Previously detected in the UK and Portugal, monkeypox is believed to have infected gay men in Madrid

Spanish health authorities have issued an alert about a possible outbreak of monkeypox – a rare and incurable viral infection – in Madrid. The alert follows similar outbreaks in the UK and Portugal, and all of the Spanish patients are gay men.

The Spanish Ministry of Health sent an alert to regional health authorities on Tuesday, after health officials in Madrid recorded eight suspected cases of monkeypox. Samples were sent to the Spanish National Center of Microbiology for a definitive diagnosis.

“Generally, monkeypox is transmitted by respiratory transmission, but the characteristics of the eight suspected cases indicate contact with liquids”, a spokesperson for Madrid’s regional health department told the Guardian. “The eight suspected cases in Madrid relate to men who have sex with men. They are fine but this disease may require hospital treatment.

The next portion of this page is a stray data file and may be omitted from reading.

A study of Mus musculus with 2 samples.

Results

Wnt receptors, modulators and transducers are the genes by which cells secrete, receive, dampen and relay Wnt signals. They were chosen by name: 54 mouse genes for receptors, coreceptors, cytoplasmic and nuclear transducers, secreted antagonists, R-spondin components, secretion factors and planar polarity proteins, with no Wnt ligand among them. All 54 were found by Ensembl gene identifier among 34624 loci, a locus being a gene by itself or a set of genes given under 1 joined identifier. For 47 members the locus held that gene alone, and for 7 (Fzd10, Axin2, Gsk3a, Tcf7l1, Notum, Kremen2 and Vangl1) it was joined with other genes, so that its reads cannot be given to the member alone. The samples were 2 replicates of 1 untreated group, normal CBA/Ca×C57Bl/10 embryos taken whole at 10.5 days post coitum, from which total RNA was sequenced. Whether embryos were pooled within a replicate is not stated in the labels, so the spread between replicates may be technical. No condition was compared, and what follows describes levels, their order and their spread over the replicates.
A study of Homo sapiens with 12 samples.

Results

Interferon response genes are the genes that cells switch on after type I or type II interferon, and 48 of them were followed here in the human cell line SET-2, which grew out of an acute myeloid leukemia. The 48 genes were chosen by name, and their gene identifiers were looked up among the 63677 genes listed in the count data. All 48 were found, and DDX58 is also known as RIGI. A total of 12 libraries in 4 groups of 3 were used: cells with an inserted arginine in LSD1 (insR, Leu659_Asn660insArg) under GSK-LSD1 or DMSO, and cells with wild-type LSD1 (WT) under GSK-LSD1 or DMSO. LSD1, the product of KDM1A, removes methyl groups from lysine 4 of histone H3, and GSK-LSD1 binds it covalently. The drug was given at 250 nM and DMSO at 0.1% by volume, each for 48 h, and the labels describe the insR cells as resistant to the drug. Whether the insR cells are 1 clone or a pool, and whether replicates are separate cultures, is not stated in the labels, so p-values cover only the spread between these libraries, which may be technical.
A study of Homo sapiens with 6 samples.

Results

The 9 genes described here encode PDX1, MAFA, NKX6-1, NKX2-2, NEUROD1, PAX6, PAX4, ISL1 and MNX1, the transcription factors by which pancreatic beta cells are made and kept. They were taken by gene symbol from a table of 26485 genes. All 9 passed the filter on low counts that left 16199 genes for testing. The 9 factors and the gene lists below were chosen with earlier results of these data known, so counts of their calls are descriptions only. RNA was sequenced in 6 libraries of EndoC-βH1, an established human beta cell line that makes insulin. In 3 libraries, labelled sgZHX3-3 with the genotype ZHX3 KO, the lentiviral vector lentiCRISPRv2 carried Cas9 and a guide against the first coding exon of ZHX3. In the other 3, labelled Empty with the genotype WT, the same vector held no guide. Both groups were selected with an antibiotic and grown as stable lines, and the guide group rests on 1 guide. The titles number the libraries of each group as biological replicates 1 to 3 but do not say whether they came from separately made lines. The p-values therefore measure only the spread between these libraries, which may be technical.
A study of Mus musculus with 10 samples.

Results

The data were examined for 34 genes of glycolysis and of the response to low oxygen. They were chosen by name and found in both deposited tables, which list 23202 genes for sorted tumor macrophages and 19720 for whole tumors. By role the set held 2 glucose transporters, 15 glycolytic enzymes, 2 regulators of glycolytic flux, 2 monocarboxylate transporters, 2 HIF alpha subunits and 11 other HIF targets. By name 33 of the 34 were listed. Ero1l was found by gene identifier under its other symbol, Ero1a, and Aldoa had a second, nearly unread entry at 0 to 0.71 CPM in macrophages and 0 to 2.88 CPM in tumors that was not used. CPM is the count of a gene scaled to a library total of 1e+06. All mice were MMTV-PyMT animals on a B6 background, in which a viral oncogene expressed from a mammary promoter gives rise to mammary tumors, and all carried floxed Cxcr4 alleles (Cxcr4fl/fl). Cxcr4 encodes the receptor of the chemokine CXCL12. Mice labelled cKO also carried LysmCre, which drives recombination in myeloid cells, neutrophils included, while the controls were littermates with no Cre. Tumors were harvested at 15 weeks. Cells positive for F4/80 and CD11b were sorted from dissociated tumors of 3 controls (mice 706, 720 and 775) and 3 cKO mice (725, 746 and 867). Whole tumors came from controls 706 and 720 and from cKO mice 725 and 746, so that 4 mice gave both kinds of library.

Rare disease spreads across Europe — RT World News

Monkeypox is similar to human smallpox, which was eradicated in 1980, and can be confused with chickenpox. Its early symptoms include fever, headache, muscle aches, back pain, swollen lymph nodes, chills and exhaustion. A rash often starts on the face and then spreads to other parts of the body.

There is no cure for monkeypox, although most patients have mild symptoms and recover within weeks.

The Spanish outbreak follows similar clusters of infection in the UK and Portugal. Around 20 suspected cases of monkeypox were found in young men near Lisbon this week, while a similar outbreak in the UK was first noticed earlier this month. As of Monday, the UK Health Safety Agency (UKHSA) had confirmed seven cases of monkeypox, with the four most recent cases all involving gay or bisexual men.

Monkeypox is endemic to parts of West and Central Africa, where it can be caught by infected wild animals such as rats, mice and squirrels. The first case in the UK involved a patient with “a recent travel story from Nigeria,” according to the UKHSA.